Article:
Kendrick Lamar had been starving his fans. Since the excitement of untitled unmastered.’s release last March, his work has been uneven: Every showstopping guest verse, like his turn on Isaiah Rashad’s “Wat’s Wrong,” was countered by questionable decisions (that odious Maroon 5 track, for example). On “The Heart Part 4,” he acknowledges that he’s been away. Its brief first verse finds him in a meditative mode, reflecting on the money and legacy he’s made—but something’s irking him, and his mood shifts quickly. “I ain’t sanctified enough to say that I won’t shoot ya,” he raps.
All this is a prelude. Syk Sense, AxlFolie, Alchemist and DJ Dahi’s production takes a turn for the spaghetti-western as Kendrick launches into his most wrathful verse since “Control.” He targets an eclectic group of villains—Big Sean, Donald Trump, Lee Baca, Drake, and perhaps ISIS leader Abu Bakr al-Baghdadi. For each, Kendrick rattles off blistering combinations in blurry doubletime, like this salvo: “More bars, no peers, no scars, no fear, fuck y’all, sincere.”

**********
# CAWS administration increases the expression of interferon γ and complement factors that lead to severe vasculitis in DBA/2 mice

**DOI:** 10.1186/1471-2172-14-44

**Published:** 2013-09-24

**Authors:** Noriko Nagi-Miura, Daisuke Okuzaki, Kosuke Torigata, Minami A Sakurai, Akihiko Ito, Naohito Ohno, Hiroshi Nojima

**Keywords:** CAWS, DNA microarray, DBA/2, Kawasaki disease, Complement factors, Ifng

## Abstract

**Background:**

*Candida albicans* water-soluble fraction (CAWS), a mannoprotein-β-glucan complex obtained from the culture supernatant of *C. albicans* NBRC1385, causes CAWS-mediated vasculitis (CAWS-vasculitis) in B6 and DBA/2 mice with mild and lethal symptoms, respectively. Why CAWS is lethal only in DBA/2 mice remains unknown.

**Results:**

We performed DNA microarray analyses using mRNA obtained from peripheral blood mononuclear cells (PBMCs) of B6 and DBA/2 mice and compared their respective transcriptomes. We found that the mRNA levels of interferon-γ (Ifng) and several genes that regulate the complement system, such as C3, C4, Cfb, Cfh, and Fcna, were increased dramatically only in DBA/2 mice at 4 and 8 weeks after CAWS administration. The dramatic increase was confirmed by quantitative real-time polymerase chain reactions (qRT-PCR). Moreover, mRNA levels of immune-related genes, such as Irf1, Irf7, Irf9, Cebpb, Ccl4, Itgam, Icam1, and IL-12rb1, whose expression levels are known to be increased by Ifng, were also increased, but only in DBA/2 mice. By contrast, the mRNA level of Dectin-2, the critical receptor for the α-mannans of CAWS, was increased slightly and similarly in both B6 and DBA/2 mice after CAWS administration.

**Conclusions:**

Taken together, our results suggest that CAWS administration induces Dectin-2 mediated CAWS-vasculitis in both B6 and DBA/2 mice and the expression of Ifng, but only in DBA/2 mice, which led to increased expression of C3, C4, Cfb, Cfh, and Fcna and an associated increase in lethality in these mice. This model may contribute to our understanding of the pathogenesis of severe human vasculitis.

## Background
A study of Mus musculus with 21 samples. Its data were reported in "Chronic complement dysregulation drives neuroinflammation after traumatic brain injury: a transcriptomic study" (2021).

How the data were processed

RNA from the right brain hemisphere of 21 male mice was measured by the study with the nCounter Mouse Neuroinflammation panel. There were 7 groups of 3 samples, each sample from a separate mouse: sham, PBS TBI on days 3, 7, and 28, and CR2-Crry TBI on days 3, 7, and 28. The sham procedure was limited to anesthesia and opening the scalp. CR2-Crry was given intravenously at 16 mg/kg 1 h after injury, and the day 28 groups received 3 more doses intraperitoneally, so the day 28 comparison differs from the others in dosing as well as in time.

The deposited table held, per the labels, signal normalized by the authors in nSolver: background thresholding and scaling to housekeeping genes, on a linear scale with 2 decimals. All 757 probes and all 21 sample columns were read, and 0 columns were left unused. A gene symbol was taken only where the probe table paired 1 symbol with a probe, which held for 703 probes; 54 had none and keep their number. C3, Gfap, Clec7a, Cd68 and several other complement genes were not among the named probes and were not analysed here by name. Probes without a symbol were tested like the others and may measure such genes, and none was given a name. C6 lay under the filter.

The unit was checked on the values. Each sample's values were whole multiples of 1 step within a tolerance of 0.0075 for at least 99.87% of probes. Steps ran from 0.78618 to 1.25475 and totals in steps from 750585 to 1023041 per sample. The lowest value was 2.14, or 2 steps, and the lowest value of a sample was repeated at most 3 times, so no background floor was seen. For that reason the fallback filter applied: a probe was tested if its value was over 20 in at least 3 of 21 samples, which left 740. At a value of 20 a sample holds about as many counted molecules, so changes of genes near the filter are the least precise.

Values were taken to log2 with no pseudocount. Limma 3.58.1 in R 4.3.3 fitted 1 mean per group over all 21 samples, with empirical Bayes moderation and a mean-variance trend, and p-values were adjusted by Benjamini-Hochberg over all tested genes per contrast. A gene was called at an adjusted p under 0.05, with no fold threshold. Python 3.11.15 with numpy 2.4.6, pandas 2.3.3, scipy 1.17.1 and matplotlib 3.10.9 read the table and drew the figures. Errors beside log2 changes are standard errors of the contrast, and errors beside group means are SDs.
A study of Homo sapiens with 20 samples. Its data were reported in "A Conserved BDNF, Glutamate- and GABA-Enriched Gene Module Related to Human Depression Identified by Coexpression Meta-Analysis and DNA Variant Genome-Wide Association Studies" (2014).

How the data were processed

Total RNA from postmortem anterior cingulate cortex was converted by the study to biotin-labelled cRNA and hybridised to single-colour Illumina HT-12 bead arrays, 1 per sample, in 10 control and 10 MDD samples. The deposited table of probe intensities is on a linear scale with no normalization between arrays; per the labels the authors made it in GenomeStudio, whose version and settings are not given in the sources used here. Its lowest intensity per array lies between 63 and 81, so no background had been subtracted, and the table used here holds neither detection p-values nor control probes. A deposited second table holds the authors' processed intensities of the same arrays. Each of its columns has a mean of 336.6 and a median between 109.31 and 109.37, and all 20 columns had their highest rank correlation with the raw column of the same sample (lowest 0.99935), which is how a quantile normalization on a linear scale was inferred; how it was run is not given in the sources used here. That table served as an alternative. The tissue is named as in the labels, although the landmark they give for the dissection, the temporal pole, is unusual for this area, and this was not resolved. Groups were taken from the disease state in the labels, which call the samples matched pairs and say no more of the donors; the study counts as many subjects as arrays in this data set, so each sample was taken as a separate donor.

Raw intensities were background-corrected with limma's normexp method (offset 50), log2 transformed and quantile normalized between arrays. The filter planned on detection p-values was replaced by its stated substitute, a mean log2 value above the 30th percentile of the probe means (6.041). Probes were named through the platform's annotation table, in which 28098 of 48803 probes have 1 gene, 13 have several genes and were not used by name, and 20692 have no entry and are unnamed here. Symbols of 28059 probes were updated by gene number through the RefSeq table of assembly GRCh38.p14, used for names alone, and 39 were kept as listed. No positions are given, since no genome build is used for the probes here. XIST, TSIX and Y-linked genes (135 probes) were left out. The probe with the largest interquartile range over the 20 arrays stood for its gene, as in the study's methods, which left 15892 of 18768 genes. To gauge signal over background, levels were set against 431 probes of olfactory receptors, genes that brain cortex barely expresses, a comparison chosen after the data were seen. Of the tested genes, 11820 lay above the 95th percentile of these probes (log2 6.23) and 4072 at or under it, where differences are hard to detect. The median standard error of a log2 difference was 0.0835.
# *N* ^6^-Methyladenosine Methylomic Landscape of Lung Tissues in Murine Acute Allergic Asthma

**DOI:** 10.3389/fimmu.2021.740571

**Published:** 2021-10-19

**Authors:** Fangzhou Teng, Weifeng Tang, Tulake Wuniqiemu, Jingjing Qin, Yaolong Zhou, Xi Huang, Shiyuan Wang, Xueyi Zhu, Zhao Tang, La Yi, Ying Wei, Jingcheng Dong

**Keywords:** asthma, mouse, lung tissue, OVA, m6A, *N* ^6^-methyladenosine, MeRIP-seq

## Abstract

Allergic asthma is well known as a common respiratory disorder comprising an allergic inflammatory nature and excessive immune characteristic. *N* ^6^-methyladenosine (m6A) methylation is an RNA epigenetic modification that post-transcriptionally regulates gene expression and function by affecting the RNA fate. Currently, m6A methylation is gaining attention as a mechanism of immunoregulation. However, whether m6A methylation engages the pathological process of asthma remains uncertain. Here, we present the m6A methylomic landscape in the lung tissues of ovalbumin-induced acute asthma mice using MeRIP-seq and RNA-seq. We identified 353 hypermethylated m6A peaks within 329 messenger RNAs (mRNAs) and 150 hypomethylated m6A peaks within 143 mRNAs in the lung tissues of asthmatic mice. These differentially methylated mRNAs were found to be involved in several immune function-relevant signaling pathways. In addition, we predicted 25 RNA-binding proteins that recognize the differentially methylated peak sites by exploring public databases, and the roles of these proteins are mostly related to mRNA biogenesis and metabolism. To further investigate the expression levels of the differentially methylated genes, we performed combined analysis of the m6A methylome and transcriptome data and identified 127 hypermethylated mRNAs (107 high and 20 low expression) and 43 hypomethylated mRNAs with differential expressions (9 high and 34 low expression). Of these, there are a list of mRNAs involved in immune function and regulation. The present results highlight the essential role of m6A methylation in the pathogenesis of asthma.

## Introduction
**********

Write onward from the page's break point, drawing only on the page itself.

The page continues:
The vindictiveness may shock those who thought Kendrick was no longer animated by everyday rap-world pettiness, but “Part 4” serves primarily as a reminder of his force behind the mic, his striking ability to do anything he wants in rhyme. Short sections of blunt staccato delivery, like the one in which he coronates himself again as the best rapper alive, alternate with winding parables, one of which grants Kevin Durant’s treachery the status of Greek myth (“Go celebrate with your team and let victory vouch you/Just know the next game played, I might slap the shit out you”). The beat writhes and changes to fit Kendrick’s mood: first laden with pianos, then a sole scornful bass, and finally, a victory march of tinkling minor keys.
In past entries of “The Heart” series—Kendrick’s version of OutKast’s “Da Art of Storytellin’”—he has wandered in deep contemplation. Part four signals a reversal. The man had been thinking quietly for far too long, and now he’s ready for action, reappearing as a victor who doesn’t recognize any worthy challengers. “My spot is solidified, if you ask me,” he raps near the end of the song. It’s tough to disagree.